Robert Doisneau, an early supporter of Les Rencontres d’Arles, holds a negative to the sun alongside Yvette Troispoux (right), nicknamed “the photographer of photographers,” in 1986.


How Arles Became a Summer Destination for World-Famous Photographers

For more than 50 years, the annual Rencontres d'Arles festival has drawn artists to the Provençal city.

June 7, 2024

In 1965, a pair of childhood friends set out to turn their hometown of Arles, France, into a destination for photography. Today, artists from around the world still flock there en masse to learn from the greats and shoot their shot.

You don’t need to possess an artist’s eye to recognize the beauty of Arles. From the first century, the Romans considered the town—then known as Arlate—one of the Empire’s most important economic, political, and cultural centers, given its strategic position on the banks of the Rhône. Nearly two millennia later, it gained a different sort of prominence as a haven for artists like Vincent van Gogh. In 1965, local photographer Lucien Clergue teamed up with historian (and childhood friend) Jean-Maurice Rouquette to build a collection of photography at the city’s Musée Réattu, where Rouquette held a curatorial post. Then came the magic: Over the ensuing years, the museum received more than 400 donations from the likes of Ansel Adams, Richard Avedon, Cecil Beaton, Jean Dieuzaide, and Henri Cartier-Bresson.

Photographer André Kertész (left) trades snaps with another festivalgoer in 1979.

  • Arthur Tress, captured by fellow photographer Pierre-Jean Amar in 1974, takes a picture of his shadow.

    Pierre-Jean Amar
  • A 2010 exhibition charting the career of rock legend Mick Jagger plays with irony in the Church of the Holy Trinity.


This overwhelming support moved Clergue and Rouquette to consider the prospect of a festival dedicated to the medium. They enlisted the help of celebrated author Michel Tournier, who had a summer home in the city, to launch the first Rencontres Internationales de la Photographie d’Arles in 1970. Now known as Les Rencontres d’Arles, the festival is more than an art fair: It is a place for photophiles to come together to learn, share, and support each other in their practice.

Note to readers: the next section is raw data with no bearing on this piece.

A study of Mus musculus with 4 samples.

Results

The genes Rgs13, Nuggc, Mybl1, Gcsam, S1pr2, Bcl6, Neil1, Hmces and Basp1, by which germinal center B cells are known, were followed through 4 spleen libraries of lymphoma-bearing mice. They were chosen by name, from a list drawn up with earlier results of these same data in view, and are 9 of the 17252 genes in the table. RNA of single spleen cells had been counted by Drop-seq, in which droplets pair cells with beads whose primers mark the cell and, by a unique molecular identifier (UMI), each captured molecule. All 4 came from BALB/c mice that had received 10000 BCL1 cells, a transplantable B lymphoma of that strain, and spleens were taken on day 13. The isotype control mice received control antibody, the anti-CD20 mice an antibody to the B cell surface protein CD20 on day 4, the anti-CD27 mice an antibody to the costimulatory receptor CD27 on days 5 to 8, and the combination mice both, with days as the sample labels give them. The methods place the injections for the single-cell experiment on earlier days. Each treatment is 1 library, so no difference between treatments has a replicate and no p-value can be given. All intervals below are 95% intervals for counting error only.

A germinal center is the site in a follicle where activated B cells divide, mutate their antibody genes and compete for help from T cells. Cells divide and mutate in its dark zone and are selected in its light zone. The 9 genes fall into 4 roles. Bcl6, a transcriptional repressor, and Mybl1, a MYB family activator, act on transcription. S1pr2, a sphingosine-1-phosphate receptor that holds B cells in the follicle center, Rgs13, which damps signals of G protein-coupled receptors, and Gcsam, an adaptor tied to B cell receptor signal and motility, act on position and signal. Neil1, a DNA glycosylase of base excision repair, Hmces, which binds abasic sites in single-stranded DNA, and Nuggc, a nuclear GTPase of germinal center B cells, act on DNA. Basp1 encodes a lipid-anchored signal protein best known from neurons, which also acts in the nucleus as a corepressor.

Even the most inauspicious spots in Arles—like a bench on the Place de la République, shown here in 1981—can become a canvas for photography.

Veronique Vercheval

Of the fine arts, photography is often considered the most egalitarian—all that’s needed is a camera and some film—and least dogmatic. The festival’s reputation reflects that: “People were drawn in by the warmth of the town, lively meals where unknown talent could rub shoulders with the masters, and the possibility to show their work,” says historian and photography curator Francoise Denoyelle. “There was nothing like it anywhere else.” Many who visited in the early stages of their careers later returned as exhibitors, including Magnum Foundation president Susan Meiselas, who received the festival’s Women in Motion award in 2019. “There are few festivals that are as inviting to wander, discover, and connect with other artists and the public,” she says. “There are always surprises!”

Workshops like this figure work session at the 1997 festival turn the city’s historic sites into classrooms.


Over the years, Les Rencontres d’Arles has hosted groundbreaking exhibitions and retrospectives of works by photographers like Walker Evans, Edward Weston, and Diane Arbus, some at historic sites made accessible exclusively to festivalgoers. Today, many of the art world’s most celebrated names—including Arthur Tress, Lee Friedlander, Joel Meyerowitz, and Nan Goldin—continue to participate in the festival, contributing to its ongoing success. (A record-setting 145,000 people attended in 2023.) And this summer, as the festival enters its 54th year, visitors will once again descend on the storied French city as it champions the next generation of photographers shaping the way we see the world.

To discover more of our favorite hotels, museums, shops, and more in Arles, click here!

Mexican photographer Manuel Álvarez Bravo, a frequent documentarian of Diego Rivera, is pictured reviewing a portfolio in 1981 at the Hotel L’Arlatan.